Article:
Two of the candidates for the Falls Church City Council, as they confirmed in last week’s candidates’ forum at City Hall, are hanging their proverbial hats on a call for a “moratorium” on mixed-use development in the Little City.
But we’re not sure what taxpayers in the City think about that. It is clear that mixed-use projects have saved homeowners tons of money, almost any way you cut it. Those who would sow doubt about that have nothing but a sense – not backed up by the facts at all – that mixed use projects cost the City net revenue because of the added children that they bring to the school system.
This is simply not the case, and if certain citizens insist on this myth, they do so at the peril of seeing their taxes go up far faster than they otherwise would.
Six mixed-use projects that have been built since 2003 have generated a whopping $7.1 million in gross, direct, annual tax revenue to the City from real estate and personal property taxes and taxes generated in their buildings. According to a document issued by the City’s Economic Development Office, these projects contribute $38,688 in tax revenues for every year per pupil that lives in those buildings.
Since the cost of educating a child in the Falls Church School System now is $15,703 per child, then the mixed use projects are contributing to the City’s tax base a net surplus value of almost $23,000 per child.
(By contrast to this, almost two thirds of the pupils in the F.C. School System come from among the City’s 2,368 single family homes, according to the most recent numbers. Calculating the total taxes generated from these homes, they add up to $10,400 per year for every child who dwells in one of those single family homes. That means that the City is subsidizing every child attending the City’s schools to the tune of $5,303 per year).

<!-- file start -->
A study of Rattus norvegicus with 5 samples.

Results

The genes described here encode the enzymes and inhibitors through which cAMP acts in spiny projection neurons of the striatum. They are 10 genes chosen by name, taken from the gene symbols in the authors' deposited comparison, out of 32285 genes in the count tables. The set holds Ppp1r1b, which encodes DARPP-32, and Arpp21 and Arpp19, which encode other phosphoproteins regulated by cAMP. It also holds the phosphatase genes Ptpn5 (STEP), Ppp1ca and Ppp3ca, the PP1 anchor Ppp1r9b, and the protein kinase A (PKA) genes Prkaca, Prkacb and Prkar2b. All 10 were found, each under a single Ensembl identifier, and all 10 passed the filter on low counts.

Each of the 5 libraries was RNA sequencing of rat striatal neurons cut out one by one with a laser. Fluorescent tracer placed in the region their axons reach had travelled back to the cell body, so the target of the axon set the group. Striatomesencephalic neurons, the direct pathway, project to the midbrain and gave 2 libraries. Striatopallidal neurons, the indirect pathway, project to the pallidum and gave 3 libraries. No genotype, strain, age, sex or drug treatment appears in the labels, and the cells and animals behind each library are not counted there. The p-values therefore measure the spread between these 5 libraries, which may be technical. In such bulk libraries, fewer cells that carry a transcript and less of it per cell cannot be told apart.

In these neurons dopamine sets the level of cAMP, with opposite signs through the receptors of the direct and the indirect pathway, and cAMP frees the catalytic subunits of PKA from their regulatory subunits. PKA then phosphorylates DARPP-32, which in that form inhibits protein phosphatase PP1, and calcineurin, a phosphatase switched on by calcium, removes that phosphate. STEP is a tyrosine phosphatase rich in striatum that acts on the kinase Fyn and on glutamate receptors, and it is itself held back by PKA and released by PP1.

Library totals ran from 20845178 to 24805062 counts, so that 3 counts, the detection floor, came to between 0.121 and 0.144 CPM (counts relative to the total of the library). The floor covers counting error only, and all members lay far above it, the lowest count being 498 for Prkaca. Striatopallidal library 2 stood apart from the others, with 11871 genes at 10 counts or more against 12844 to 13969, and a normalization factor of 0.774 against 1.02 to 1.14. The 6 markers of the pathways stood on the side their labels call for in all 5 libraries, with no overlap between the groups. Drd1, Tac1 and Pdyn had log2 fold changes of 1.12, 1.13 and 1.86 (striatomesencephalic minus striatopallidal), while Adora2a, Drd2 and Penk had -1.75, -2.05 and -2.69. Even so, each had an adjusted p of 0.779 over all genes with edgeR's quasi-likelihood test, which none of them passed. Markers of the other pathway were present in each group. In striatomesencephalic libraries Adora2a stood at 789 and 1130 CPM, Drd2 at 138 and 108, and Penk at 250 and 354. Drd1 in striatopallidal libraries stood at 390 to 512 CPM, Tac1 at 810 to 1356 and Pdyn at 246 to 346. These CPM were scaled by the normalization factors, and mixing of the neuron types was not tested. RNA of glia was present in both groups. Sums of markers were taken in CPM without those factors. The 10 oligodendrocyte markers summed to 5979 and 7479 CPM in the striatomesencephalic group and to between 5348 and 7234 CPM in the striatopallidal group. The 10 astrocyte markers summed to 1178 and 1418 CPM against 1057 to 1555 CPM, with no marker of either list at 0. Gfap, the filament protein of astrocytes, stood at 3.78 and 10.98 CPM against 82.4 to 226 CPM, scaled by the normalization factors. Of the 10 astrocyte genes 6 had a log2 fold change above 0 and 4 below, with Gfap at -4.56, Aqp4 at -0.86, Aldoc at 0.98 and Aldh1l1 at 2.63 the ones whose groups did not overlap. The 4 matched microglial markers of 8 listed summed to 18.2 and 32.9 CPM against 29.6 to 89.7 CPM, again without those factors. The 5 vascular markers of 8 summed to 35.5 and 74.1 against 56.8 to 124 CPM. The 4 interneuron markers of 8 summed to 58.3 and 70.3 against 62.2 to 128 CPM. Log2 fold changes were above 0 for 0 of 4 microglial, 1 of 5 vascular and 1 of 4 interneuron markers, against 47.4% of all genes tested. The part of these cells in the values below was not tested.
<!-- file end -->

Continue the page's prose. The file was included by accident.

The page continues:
First, new mixed-use projects generate far more revenue than all the students residing in them cost. Second, single family homes have to be subsidized by taxpayers to the tune of $5,303 for every child living in them.
What about this data is unclear? People can dispute the data, but on what grounds?
On top of this, mixed-use projects have also contributed some $3.4 million in cash so far for school capital needs as part of packages of “proffers” that each of them have provided the City.
Then there are other intangible benefits, such as the money spent by residents in the mixed use projects at businesses and restaurants in the City. There is a symbiotic relationship operating in mixed-use projects: more residents in the homes bring more money to the businesses downstairs. At a certain point, a critical mass is reached, and the businesses thrive.
All this helps to keep individual taxes down. What’s not to like?